A pastor and a nurse want Congress to pass legislation that would allow Americans the freedom to opt out of the abortion process.
Chris Lewis, lead pastor of Foothill Church in Glendora, California, says his congregation doesn’t want to be coerced into covering abortions on employee health insurance plans.
But that is exactly what the state of California is doing, Lewis told The Daily Signal in a phone interview.
Lewis said it is “shocking” that the state Department of Managed Health Care would force his 1,000-member church, against its deeply held religious convictions, to cover abortion in the health plans of roughly 100 employees.
“We’re stuck in this horrible place,” Lewis told The Daily Signal. “We’re essentially being coerced by the state to violate our conscience.”
“We don’t want to have to cover [abortion],” he said.
Lewis spoke on Capitol Hill at a House forum in July on conscience rights, urging Congress to pass the Conscience Protection Act.
Among about eight others who spoke was a nurse of 26 years, Fe Esperanza Racpan Vinoya.
“I became a nurse to help people, but not to do harm,” Vinoya said.
In 2014, the state of California issued an order requiring all health insurance plans to cover abortion, without a religious exemption.
Lewis said he and his congregation believe life begins at conception, and covering abortions on employee health plans violates the church’s core tenets.
“I can’t believe that we as a church, with this fundamentally, deeply held conviction of ours, can be put in a position to violate our conscience like this,” Lewis said. “We felt like we were over a barrel.” He added:
On the one hand, we’re required to offer coverage under Obamacare. We want to provide that for our employees. … We want to care for them. We want to care for their families. At the same time, we’re being told … to have coverage of the termination of all pregnancies, regardless [whether it is] elective or otherwise.
“I’m really troubled by the idea that the state can just say it doesn’t matter, that your religious freedoms don’t matter to us,” Lewis said.
The legislation would prohibit the federal government and state or local governments that receive federal health dollars from penalizing or discriminating against health care providers for refusing to “perform, refer for, pay for, or otherwise participate in abortion.”
The legislation is the House’s amended version of an originally unrelated Senate bill sponsored by Sen. John Thune, R-S.D. The Senate now must vote on the amended bill.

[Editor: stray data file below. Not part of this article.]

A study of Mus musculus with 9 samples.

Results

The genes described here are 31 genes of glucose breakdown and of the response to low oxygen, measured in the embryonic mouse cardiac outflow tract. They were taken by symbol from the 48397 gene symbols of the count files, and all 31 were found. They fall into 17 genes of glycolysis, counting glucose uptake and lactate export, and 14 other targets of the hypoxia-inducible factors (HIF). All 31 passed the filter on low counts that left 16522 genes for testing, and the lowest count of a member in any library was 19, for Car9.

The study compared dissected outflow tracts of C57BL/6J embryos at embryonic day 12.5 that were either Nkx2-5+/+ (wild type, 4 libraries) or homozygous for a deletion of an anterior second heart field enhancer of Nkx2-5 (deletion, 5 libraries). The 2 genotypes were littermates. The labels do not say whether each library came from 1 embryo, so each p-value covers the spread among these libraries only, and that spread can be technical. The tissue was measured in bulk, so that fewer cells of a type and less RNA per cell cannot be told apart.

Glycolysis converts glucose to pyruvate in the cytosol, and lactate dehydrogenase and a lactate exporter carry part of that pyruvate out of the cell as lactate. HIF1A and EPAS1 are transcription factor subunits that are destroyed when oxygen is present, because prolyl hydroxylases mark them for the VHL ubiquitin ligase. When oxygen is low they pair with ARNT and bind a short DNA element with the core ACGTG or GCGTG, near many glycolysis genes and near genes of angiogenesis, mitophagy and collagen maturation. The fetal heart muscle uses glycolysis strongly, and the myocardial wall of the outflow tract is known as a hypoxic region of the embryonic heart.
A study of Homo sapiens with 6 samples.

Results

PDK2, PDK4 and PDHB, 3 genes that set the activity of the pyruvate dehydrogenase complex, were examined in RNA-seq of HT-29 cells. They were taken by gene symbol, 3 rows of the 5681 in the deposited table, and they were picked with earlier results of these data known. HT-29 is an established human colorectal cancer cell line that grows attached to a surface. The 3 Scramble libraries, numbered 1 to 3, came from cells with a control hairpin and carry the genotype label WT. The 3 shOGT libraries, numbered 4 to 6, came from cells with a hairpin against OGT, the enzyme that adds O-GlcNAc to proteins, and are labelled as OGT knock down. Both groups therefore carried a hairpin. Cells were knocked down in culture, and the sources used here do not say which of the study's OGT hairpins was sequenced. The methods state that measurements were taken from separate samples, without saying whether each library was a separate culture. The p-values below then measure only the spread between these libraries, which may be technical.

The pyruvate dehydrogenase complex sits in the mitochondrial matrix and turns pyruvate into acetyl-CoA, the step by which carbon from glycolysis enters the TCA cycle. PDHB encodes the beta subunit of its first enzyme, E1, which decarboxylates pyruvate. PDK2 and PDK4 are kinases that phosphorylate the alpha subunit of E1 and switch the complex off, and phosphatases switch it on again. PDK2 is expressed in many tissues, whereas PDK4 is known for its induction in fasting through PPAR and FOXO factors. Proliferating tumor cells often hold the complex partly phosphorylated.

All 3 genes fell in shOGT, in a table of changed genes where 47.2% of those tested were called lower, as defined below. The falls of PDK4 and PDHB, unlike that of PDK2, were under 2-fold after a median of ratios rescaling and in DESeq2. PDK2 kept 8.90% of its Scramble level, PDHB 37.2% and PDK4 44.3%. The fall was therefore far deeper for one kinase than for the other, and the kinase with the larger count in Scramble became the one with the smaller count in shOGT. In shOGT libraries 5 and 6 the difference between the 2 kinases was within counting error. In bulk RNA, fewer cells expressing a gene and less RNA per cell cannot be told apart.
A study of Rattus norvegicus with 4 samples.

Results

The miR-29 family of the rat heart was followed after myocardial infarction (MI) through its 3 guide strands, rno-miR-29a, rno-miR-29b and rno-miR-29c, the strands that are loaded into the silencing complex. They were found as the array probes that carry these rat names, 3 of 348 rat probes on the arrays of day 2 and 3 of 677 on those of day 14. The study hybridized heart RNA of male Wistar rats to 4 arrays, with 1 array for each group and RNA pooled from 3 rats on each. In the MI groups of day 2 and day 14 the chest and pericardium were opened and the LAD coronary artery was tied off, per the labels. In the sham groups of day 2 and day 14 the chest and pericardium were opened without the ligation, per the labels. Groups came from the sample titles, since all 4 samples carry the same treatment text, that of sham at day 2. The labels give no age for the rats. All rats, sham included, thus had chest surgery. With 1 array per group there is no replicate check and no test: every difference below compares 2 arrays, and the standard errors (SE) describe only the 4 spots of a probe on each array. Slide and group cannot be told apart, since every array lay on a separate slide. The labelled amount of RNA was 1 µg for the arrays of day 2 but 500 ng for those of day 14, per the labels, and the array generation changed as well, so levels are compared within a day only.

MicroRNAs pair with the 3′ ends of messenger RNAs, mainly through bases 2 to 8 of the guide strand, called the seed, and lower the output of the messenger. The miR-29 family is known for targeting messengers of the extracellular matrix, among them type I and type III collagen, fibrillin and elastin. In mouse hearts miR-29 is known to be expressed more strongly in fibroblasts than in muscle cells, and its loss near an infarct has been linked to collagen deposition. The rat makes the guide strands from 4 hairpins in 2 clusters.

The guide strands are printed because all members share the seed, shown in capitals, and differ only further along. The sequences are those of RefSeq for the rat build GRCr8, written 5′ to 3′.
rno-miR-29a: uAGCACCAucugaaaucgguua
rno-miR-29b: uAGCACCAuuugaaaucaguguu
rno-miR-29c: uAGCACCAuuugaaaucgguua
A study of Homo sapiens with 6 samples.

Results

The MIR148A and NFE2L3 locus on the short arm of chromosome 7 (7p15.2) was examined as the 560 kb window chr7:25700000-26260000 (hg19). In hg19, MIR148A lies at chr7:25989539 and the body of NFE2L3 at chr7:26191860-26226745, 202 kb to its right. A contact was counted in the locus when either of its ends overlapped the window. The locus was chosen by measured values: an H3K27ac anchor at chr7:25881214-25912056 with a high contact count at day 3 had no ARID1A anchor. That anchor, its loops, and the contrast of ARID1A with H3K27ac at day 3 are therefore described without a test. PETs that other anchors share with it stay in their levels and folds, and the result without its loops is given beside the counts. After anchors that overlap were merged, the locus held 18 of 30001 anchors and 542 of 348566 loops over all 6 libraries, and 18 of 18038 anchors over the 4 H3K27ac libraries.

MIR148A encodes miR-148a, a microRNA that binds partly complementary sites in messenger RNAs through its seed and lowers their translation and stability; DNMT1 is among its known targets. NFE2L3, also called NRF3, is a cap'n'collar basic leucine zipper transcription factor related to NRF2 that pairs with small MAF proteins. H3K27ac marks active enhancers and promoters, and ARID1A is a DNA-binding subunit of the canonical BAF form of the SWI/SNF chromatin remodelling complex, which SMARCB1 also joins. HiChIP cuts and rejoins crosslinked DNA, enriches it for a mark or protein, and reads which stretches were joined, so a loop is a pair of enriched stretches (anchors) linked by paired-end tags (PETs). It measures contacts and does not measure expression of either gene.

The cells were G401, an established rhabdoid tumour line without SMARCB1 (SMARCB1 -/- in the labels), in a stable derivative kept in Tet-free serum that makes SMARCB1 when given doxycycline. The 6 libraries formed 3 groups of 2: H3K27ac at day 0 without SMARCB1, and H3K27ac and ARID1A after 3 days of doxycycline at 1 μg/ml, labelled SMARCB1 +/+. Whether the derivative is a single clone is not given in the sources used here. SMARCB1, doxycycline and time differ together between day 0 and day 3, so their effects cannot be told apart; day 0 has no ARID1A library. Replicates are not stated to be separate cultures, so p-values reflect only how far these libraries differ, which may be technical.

President Barack Obama is expected to veto the measure should it win final passage in his final five months in office.
The Obama administration “strongly opposes” the legislation, according to a statement from the Executive Office of the President.
“This bill would unduly limit women’s health care choices by allowing a broadly defined set of health providers (including secular sponsors of employer-based health coverage) to decline to provide abortion coverage based on any objections,” the statement says.
Donna Crane, vice president of policy at NARAL Pro-Choice America, described the Conscience Protection Act as legislation that “lets even more people get in between you and the health care you choose.”
Vinoya, the veteran nurse, told The Daily Signal that she doesn’t want to be forced to participate in abortions.
About five years ago, Vinoya was part of a group of 12 pro-life nurses who sued the University of Medicine and Dentistry of New Jersey over a hospital rule that would force all nurses to assist in abortions.
“No one actually knew what to do because the management was saying to us that we were going to lose our job or … be transferred to another unit [for not cooperating],” Vinoya said.
It was a “horrible feeling” for everybody, she said.
The university’s hospital in Newark said at the time that it was not directly forcing nurses to participate in any abortions.
In her remarks July 8 during the House Energy and Commerce Committee’s Forum on Protecting Conscience Rights, Vinoya said:
Participating in the destruction of human life is not only a violation of my religious convictions as a Christian, it also conflicts with my calling as a medical professional to protect life, not to end it.
After a court hearing in 2011, the New Jersey hospital agreed not to force the pro-life nurses to assist in abortions.
“I think that the [Conscience Protection Act] should be passed for professionals like me who are not fortunate enough to have people … who have selflessly helped us get through this ordeal and saved us our jobs,” Vinoya told The Daily Signal.
Lewis said he wants to stand up for the rights of unborn children.
“The most voiceless people in the culture are the unborn,” Lewis said. “We want to be a part of not further propagating abortions and allowing that to happen, but actually trying to see [abortions] reduced [and] restricted.”